Depends on the situation. Often, it is the typical late afternoon dash from the jobsite to the shop to bang out a small project, such as spraying about a dozen shelves (with attached wooden brackets) with oil paint.
Usually, the decision making process involves running through the set up and finishing process in my head. To be honest, in any small scale spray situation, I am looking for the quickest, most efficient way to get the desired quality result.
As the dialogue continues in my head, I acknowledge that the ProShot FF is certainly always up to the task. But, would the doors and other miscellaneous finished items in the shop appreciate the overspray? No. It’s not that the ProShot FF is an obnoxious oversprayer. It’s just that the 9.5 has such remarkable transfer efficiency. Further, with less overspray, I would be using less paint. Both machines would be running a quart cup, but maybe I could do all the shelves with just one cup and save a step in stopping to mix another.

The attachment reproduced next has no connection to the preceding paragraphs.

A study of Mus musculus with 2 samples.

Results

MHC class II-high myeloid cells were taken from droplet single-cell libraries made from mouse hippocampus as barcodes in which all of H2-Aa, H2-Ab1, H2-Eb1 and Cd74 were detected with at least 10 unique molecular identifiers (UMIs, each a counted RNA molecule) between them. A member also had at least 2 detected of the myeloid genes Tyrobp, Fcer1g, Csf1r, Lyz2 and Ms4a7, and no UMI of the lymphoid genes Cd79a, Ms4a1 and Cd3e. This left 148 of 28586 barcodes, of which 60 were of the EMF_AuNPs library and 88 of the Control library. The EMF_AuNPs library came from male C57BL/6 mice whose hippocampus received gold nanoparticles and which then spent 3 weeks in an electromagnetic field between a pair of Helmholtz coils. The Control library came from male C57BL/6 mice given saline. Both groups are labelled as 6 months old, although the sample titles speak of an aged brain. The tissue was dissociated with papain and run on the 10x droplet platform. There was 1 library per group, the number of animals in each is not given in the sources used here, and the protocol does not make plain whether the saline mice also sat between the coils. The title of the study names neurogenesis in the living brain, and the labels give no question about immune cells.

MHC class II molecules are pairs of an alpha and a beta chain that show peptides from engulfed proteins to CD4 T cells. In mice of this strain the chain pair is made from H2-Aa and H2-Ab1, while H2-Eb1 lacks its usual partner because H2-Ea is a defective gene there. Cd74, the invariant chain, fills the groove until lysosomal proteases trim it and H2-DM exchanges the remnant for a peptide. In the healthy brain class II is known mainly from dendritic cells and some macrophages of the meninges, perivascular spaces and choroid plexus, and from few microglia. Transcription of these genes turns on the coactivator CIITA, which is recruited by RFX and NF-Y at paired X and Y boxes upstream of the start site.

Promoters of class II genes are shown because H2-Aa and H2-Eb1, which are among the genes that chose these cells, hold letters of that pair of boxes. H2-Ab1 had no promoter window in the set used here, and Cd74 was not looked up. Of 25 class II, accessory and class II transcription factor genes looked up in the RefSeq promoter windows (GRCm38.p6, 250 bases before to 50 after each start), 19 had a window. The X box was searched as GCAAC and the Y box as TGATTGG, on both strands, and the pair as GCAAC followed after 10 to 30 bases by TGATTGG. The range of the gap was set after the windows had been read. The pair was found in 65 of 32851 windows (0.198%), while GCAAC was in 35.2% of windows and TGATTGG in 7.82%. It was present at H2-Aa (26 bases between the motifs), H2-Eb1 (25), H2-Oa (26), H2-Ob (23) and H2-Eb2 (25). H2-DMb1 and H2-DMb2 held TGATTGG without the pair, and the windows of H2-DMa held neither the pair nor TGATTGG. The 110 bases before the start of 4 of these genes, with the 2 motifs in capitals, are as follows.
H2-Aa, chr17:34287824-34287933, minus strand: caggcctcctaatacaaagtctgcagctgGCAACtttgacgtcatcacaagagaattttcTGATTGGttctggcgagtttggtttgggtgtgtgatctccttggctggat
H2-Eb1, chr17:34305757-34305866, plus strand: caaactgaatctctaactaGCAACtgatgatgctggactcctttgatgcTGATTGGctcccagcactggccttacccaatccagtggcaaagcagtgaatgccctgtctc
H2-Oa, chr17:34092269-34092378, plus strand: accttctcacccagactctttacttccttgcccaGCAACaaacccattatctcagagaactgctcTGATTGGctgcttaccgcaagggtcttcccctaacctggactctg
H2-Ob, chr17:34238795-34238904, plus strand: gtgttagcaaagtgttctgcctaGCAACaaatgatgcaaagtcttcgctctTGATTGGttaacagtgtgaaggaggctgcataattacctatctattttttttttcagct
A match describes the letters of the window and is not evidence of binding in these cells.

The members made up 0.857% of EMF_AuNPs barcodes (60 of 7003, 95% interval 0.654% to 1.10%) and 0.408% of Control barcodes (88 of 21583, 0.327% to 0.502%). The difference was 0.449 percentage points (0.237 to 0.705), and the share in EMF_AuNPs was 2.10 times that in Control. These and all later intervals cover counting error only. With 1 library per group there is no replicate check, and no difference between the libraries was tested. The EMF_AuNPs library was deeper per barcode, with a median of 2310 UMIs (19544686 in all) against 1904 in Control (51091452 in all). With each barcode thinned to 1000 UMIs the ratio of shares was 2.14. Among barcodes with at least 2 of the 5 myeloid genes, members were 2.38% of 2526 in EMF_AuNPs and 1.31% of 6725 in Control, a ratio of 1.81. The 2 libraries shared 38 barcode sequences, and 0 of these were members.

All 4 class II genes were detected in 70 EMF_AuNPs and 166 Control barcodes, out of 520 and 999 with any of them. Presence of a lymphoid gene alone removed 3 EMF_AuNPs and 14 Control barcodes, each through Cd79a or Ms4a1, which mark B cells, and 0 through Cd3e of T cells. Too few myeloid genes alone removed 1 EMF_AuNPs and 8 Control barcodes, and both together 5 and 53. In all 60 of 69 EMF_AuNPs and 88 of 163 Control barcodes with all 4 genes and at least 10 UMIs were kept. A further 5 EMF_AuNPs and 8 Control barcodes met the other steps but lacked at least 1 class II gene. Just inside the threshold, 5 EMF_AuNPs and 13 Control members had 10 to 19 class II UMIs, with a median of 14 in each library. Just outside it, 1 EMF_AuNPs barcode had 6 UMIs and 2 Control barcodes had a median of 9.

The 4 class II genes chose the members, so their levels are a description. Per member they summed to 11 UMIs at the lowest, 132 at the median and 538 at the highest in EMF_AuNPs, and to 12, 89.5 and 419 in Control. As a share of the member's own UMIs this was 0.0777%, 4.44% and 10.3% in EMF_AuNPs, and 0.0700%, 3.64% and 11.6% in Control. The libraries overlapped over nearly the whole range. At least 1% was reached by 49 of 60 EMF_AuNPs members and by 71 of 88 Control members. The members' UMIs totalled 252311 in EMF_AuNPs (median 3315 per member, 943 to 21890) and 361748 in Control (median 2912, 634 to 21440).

It’s kind of a no lose situation, but sometimes the 9.5 Turboforce HVLP will edge out the ProShot Fine Finish, especially when portability and mobility are not critical. That is exactly how it played out with the shelving project.
We continue to test and accumulate real world test footage of the 9.5 Turboforce HVLP. It takes months to use a sprayer in many different situations, on different types of pieces and with a variety of finishes to fully understand its capabilities. It is a very pleasing combination of power and finesse, which is a very desirable – and not always standard – combination in an HVLP system. Today was a good test for it in oil based enamel paint.
We have also run this rig extensively in our Prep to Finish paint industry training program, with both students and adults. It scores very highly in the user friendliness category.